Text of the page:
GOP says Energy Dept. tried to delay solar layoffs

November 16, 2011 - 11:05 AM

WASHINGTON (AP) — The Obama administration wanted the failing solar energy company Solyndra to delay announcing employee layoffs last year until after the 2010 midterm elections, Republican investigators say.

A memo prepared by GOP staff at the House Energy and Commerce Committee cites an October 2010 email from an unnamed Solyndra investment adviser to another unidentified investment adviser. The email, according to committee aides, said Energy Department officials were pushing "very hard" to delay making the layoffs public until Nov. 3, 2010 — the day after the midterm elections.

"Oddly they didn't give a reason for that date," the memo quotes the e-mail as saying. The e-mail and others cited in the GOP memo were not released, although a spokeswoman for the committee said they were likely to be released later Wednesday.

Solyndra announced some layoffs on Nov. 3, 2010, after the election, but continued to receive federal assistance. The company, which received a $528 million federal loan in 2009, closed its doors on Aug. 31, 2011 and laid off its 1,100 workers.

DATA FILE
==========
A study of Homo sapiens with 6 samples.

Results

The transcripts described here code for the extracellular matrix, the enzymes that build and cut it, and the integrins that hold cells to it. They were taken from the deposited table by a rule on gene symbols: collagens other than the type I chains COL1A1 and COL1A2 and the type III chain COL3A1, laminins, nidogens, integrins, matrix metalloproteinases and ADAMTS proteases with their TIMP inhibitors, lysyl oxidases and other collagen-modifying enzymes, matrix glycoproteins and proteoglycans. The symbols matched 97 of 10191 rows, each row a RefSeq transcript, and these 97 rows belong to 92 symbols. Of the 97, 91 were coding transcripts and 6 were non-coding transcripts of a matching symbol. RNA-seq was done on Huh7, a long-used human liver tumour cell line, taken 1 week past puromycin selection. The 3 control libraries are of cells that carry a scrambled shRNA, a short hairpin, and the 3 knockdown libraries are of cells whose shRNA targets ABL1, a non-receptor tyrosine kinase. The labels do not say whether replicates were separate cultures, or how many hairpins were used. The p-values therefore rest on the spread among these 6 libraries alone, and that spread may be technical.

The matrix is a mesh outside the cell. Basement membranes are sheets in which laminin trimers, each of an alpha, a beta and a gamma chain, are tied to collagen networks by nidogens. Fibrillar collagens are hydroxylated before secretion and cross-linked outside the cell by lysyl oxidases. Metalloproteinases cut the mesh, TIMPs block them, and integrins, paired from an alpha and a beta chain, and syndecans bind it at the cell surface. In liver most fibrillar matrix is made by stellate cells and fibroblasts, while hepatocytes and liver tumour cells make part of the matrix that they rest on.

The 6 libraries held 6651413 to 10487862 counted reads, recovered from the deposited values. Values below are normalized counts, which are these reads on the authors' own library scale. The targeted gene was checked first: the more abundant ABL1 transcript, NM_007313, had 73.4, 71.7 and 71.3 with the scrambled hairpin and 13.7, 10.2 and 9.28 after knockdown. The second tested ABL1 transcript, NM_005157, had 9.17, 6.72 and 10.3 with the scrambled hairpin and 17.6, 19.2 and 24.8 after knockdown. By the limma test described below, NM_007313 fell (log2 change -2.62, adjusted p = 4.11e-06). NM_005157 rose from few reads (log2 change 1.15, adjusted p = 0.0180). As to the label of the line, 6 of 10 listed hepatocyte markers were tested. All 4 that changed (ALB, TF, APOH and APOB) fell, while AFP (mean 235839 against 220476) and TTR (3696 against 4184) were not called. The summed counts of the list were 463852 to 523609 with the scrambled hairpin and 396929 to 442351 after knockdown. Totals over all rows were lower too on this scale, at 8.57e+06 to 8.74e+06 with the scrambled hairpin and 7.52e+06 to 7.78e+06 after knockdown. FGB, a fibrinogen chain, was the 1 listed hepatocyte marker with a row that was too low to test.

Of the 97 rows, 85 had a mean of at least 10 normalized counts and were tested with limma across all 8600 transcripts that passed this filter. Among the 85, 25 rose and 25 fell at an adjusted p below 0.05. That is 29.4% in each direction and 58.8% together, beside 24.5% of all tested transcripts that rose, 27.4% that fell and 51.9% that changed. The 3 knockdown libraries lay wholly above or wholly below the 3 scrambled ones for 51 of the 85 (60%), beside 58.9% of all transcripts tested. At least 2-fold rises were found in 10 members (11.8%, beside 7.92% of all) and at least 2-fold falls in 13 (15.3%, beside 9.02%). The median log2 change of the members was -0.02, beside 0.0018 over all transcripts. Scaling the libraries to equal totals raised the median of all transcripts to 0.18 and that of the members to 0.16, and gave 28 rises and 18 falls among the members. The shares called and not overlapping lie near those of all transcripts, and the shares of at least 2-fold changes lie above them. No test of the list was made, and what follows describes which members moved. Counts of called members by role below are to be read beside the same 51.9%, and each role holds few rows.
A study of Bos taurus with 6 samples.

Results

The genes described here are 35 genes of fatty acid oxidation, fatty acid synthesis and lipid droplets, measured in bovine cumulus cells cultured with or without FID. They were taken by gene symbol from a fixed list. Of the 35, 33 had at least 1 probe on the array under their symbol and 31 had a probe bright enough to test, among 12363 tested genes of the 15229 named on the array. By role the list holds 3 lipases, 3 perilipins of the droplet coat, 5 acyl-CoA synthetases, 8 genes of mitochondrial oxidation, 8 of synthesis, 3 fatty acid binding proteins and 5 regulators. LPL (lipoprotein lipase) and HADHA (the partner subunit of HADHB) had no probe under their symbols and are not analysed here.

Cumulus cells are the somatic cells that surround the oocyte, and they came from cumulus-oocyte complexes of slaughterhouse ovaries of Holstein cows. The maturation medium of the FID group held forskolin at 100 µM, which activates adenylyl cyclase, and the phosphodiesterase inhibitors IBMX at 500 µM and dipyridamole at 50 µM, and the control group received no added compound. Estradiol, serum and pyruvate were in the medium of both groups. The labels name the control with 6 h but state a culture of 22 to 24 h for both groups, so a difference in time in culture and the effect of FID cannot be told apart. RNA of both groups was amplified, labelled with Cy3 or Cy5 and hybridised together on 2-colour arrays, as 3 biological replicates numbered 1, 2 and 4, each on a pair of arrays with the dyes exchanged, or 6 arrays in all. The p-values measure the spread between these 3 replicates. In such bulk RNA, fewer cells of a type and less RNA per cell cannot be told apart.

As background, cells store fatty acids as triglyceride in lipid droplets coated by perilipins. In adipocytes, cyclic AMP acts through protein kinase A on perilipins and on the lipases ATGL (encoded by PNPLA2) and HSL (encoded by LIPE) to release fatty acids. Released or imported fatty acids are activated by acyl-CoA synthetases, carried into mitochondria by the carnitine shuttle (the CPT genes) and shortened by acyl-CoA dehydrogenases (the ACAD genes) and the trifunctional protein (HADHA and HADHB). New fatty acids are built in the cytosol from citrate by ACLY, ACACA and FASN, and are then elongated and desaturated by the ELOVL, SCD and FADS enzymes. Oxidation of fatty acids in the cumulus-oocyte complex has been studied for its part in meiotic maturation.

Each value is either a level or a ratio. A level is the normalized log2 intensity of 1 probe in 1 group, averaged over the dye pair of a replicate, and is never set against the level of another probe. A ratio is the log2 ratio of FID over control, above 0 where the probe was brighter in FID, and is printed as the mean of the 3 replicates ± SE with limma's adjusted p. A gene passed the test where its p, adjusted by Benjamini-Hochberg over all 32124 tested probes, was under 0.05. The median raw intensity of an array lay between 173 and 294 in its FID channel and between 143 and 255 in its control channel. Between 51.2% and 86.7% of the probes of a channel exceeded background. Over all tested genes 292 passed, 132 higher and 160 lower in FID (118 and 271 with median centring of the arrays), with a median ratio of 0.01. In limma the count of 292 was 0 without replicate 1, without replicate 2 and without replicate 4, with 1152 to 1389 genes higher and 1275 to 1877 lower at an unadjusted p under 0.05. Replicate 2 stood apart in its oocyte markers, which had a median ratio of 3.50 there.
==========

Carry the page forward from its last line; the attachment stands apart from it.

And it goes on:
Energy Department spokesman Damien LaVera on Tuesday declined to confirm events described in the emails or to identify who at the Energy department may have urged the delay in the layoff announcement. He said "decisions about this loan were made on the merits."

Energy Secretary Steven Chu is scheduled to testify before the House energy panel on Thursday.

Solyndra's implosion and revelations that administration officials rushed to complete the loan in time for a September 2009 groundbreaking have become an embarrassment for Obama and a rallying cry for GOP critics of his green energy program.

The Republican-controlled energy panel has subpoenaed White House communications on Solyndra and has released thousands of pages of emails related to the company.

Emails released last week show that top officials at the White House circulated a plan calling for Chu's ouster as the administration braced for a political storm brewing over Solyndra.

An email from a clean-energy activist and former official in Obama's 2008 campaign said that Chu, a Nobel Prize-winning physicist, was a brilliant man but "not perfect" for other critical DOE missions, including creating jobs.

A White House spokesman said the plan to oust Chu was not taken very seriously.